I’m warning you now.
Part of the expat process is that each member of our family has to register by reporting in person at our local commune, which is basically the administrative division of our town. They will issue us a declaration of arrival which is valid for three months. Later, we each will receive a residency visa on our Passports that will last the length of Shawn’s work permit in Luxembourg.
(See? I told you.)
All this to say: they want to know who we are, where we are living, what we are doing here and when we are leaving.
Shawn took care of his part when he arrived a few weeks ago.
Now Hannah and I got to take a turn.
I set the GPS with the address provided, Place de L’Eglise.
But Rue de L’Eglise appeared on the screen.
Should be the same thing, right?
I found out I was wrong 23 minutes later when TomTom blurted out that I had reached my destination. I was on the opposite side of Luxembourg City in what appeared to be the parking lot of an apartment building behind the railway station.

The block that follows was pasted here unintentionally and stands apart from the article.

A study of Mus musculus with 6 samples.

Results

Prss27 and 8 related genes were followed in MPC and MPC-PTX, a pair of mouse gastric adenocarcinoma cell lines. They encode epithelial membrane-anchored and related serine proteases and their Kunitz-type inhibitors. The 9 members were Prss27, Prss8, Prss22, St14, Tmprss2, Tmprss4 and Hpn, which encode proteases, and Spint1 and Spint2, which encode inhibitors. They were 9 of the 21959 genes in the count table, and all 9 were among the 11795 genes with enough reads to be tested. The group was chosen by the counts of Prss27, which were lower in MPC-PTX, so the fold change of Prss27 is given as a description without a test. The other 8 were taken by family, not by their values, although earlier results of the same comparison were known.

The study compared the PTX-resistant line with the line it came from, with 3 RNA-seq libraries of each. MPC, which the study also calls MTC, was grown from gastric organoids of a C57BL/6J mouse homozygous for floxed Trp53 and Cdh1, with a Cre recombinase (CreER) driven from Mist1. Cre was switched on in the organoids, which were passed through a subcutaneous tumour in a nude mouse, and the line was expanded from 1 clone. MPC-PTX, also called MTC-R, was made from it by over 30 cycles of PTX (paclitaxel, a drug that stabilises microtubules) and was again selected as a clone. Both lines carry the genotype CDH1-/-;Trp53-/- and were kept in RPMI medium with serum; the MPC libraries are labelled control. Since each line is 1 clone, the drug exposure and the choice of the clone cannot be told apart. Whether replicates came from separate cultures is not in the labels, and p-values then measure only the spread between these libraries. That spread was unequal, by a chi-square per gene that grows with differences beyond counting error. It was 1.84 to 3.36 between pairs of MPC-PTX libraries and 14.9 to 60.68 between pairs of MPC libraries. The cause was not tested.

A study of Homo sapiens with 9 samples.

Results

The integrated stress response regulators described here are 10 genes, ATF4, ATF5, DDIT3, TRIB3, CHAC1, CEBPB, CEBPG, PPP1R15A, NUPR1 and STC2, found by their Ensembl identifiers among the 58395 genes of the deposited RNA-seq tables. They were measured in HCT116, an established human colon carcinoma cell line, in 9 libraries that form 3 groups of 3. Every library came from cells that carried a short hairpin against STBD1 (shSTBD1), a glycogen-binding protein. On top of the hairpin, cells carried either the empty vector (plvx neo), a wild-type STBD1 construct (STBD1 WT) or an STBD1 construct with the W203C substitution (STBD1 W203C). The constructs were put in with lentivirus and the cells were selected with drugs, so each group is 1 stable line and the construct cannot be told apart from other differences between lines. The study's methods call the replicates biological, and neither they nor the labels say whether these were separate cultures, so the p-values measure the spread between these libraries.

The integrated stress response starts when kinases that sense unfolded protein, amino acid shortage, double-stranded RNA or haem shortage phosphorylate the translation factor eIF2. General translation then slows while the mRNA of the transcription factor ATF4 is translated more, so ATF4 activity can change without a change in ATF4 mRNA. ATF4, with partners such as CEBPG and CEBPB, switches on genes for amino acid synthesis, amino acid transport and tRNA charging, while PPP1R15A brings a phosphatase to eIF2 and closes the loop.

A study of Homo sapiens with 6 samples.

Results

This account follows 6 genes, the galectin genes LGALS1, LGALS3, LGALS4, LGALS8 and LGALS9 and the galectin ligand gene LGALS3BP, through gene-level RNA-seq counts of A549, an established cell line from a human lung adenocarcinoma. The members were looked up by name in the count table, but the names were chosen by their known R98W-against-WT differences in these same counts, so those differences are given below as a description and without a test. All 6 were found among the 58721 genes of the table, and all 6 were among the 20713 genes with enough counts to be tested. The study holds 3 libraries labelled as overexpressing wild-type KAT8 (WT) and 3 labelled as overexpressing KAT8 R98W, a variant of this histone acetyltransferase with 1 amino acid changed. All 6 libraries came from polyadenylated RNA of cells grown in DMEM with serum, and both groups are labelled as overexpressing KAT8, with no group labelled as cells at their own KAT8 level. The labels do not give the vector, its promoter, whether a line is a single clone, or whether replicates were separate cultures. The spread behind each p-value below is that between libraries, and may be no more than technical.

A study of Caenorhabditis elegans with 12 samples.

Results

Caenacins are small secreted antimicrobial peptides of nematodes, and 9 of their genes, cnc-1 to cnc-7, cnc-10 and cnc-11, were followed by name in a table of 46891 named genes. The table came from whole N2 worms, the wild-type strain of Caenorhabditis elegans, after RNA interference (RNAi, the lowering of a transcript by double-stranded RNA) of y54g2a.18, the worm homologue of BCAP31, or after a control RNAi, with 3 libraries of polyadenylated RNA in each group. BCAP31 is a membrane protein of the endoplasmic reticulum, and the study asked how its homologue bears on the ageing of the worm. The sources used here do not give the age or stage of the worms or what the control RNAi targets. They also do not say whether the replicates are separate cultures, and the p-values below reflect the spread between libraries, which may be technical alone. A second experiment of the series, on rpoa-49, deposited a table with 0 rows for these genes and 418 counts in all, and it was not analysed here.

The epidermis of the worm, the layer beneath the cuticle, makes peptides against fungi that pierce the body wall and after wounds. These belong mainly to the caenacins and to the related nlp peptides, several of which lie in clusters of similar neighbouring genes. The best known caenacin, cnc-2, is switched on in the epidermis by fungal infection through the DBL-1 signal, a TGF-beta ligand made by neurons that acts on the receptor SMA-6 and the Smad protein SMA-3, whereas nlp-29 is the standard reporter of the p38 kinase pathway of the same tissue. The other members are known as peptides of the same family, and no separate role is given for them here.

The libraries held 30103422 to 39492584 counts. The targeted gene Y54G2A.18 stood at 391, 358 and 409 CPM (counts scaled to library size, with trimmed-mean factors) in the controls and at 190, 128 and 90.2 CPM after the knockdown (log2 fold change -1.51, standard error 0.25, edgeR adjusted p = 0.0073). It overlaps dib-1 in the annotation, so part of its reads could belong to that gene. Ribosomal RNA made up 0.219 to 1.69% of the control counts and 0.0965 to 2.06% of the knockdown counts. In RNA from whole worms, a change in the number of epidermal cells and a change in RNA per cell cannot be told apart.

I pulled in a spot, got a snack for Hannah out of the emergency stash and regrouped.
This time, Place de L’Eglise. Here we come.
30 minutes and two juice boxes later we were back in business.
I pulled into the parking lot of our commune (which is about 2 minutes from our house, by the way) got Hannah out of her car seat and headed for the door.
Nothing was going to stop us now.
It was Lundi and after 11:30.
And the door was locked.
(I’ve been doing this often, taking pictures of buildings and their heures d’ ouvertures. Otherwise I could never remember. Plus, this business of military time confuses me. Who wants to do math to know what time it is?)
I didn’t know what apres-midi freme meant, so I used the app on my phone to translate it.
Afternoon Farm. That’s what it said.
I mean, really. I couldn’t make this stuff up if I tried.
There was only one thing to do at this point and it included a bakery and a pastry big enough for two.
So, on Mardi we headed out bright and early.
We made it there in record time.
And I’m happy to say that our arrival has been declared.